This volume explores the changing process of evaluating objects during the period of Japan’s rapid modernization.
Originally published in Japanese, Antiquarians of Nineteenth-Century Japan looks at the approach toward object-based research across the late Tokugawa and early Meiji periods, which were typically kept separate, and elucidates the intellectual continuities between these eras. Focusing on the top-down effects of the professionalizing of academia in the political landscape of Meiji Japan, which had advanced by attacking earlier modes of scholarship by antiquarians, Suzuki shows how those outside the government responded, retracted, or challenged new public rules and values. He explores the changing process of evaluating objects from the past in tandem with the attitudes and practices of antiquarians during the period of Japan’s rapid modernization. He shows their roots in the intellectual sphere of the late Tokugawa period while also detailing how they adapted to the new era. Suzuki also demonstrates that Japan’s antiquarians had much in common with those from Europe and the United States.
Art historian Maki Fukuoka provides an introduction to the English translation that highlights the significance of Suzuki’s methodological and intellectual analyses and shows how his ideas will appeal to specialists and nonspecialists alike.
Hiroyuki Suzuki is professor emeritus of Japanese art history at Tokyo Gakugei University.
Maki Fukuoka is associate professor of the history of art at the University of Leeds.
“What a boon to now have available in English, in an expert translation, this study by Suzuki Hiroyuki, one of the most insightful art historians anywhere in the world. The ostensible subject is antiquarianism, but Suzuki makes clear that during the fast-paced metabolism of Japan in the 1870s, the terms “art” and “antique” are multiple and under constant revision. Situating them at the conjunction of East Asian modes of knowing, traditional modes of assembly, changing display practices, new reprographic technologies, and the professionalization of knowledge, Antiquarians of Nineteenth-Century Japan peers just under the surface of a more common narrative about the rise of art history in Japan. In doing so, it offers a thoughtful, richly detailed perspective on what art was before Art, on the eve of Nation.” —Yukio Lippit, Jeffrey T. Chambers and Andrea Okamura Professor of History of Art and Architecture, Harvard University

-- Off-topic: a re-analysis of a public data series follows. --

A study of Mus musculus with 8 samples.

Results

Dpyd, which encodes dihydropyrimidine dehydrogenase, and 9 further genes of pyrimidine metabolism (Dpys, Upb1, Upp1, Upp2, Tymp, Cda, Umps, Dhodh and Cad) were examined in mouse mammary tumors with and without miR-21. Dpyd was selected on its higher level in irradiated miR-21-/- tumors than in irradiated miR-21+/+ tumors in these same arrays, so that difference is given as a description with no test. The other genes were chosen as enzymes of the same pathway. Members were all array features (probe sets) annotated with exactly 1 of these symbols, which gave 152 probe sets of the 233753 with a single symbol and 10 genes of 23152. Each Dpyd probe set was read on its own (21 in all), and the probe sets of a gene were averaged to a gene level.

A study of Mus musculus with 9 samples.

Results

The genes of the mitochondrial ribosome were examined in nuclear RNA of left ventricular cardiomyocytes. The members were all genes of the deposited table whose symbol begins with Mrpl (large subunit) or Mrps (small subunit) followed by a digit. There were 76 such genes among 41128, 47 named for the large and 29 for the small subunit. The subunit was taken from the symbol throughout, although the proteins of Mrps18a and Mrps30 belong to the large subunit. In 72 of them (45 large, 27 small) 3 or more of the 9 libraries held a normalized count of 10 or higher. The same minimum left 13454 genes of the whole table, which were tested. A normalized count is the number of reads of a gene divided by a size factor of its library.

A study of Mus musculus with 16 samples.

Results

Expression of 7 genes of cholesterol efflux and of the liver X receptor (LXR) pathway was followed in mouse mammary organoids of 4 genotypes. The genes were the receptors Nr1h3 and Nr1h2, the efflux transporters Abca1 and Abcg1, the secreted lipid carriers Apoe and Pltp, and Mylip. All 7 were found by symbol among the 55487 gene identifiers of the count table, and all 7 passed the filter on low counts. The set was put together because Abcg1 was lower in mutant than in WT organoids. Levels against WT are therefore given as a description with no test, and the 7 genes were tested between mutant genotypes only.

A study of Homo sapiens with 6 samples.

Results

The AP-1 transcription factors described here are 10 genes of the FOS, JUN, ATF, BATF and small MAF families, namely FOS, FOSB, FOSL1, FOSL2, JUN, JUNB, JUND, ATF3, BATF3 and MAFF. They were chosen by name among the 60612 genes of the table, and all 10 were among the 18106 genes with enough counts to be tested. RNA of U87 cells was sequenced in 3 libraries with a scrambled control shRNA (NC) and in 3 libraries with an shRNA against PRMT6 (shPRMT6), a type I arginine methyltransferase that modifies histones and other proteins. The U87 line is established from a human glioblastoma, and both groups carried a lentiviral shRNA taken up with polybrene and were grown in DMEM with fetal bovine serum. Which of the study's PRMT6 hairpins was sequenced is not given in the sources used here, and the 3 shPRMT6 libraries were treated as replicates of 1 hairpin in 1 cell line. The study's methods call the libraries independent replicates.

“At once descriptive and self-reflective, the book offers a compelling revisionist account of art history in modern Japan via the lives of objects, their collectors, and the bureaucracy of beauty.” —Parul Dave-Mukherji, School of Arts and Aesthetics, Jawaharlal Nehru University
“Antiquarians of Nineteenth-Century Japan provides precisely the piece of modern Japanese art and cultural history that had been missing from the English-language corpus. Applying a Foucauldian framework to the generation of Japanese scholars who had been active prior to the Meiji Restoration, Suzuki reveals their profound contributions to, as well as their thought-provoking differences from, the modern, professionalized fields of art history and archaeology. The lucid translation by Maki Fukuoka will ensure that this book reaches a broad audience of scholars and students from art history, anthropology, the history of science, comparative global studies of knowledge formation, and beyond. In the company of Stephen Bann's The Clothing of Clio and Dipesh Chakrabarty's The Calling of History, Suzuki's work adds an important voice to the conversation on eighteenth- and nineteenth-century modes of knowing and writing about things past.” —Chelsea Foxwell, Associate Professor of Art History, East Asian Languages and Civilizations, University of Chicago
“Antiquarians of Nineteenth-Century Japan: The Archaeology of Things in the Late Tokugawa and Early Meiji Periods is an exhaustively comprehensive, impressively presented, and exceptionally informative course of instruction that will be an especially prized addition to personal, professional, community, college, and university library Japanese Art History collections and supplemental curriculum studies reading lists.”
“Fukuoka’s translation is fluid and flawless.”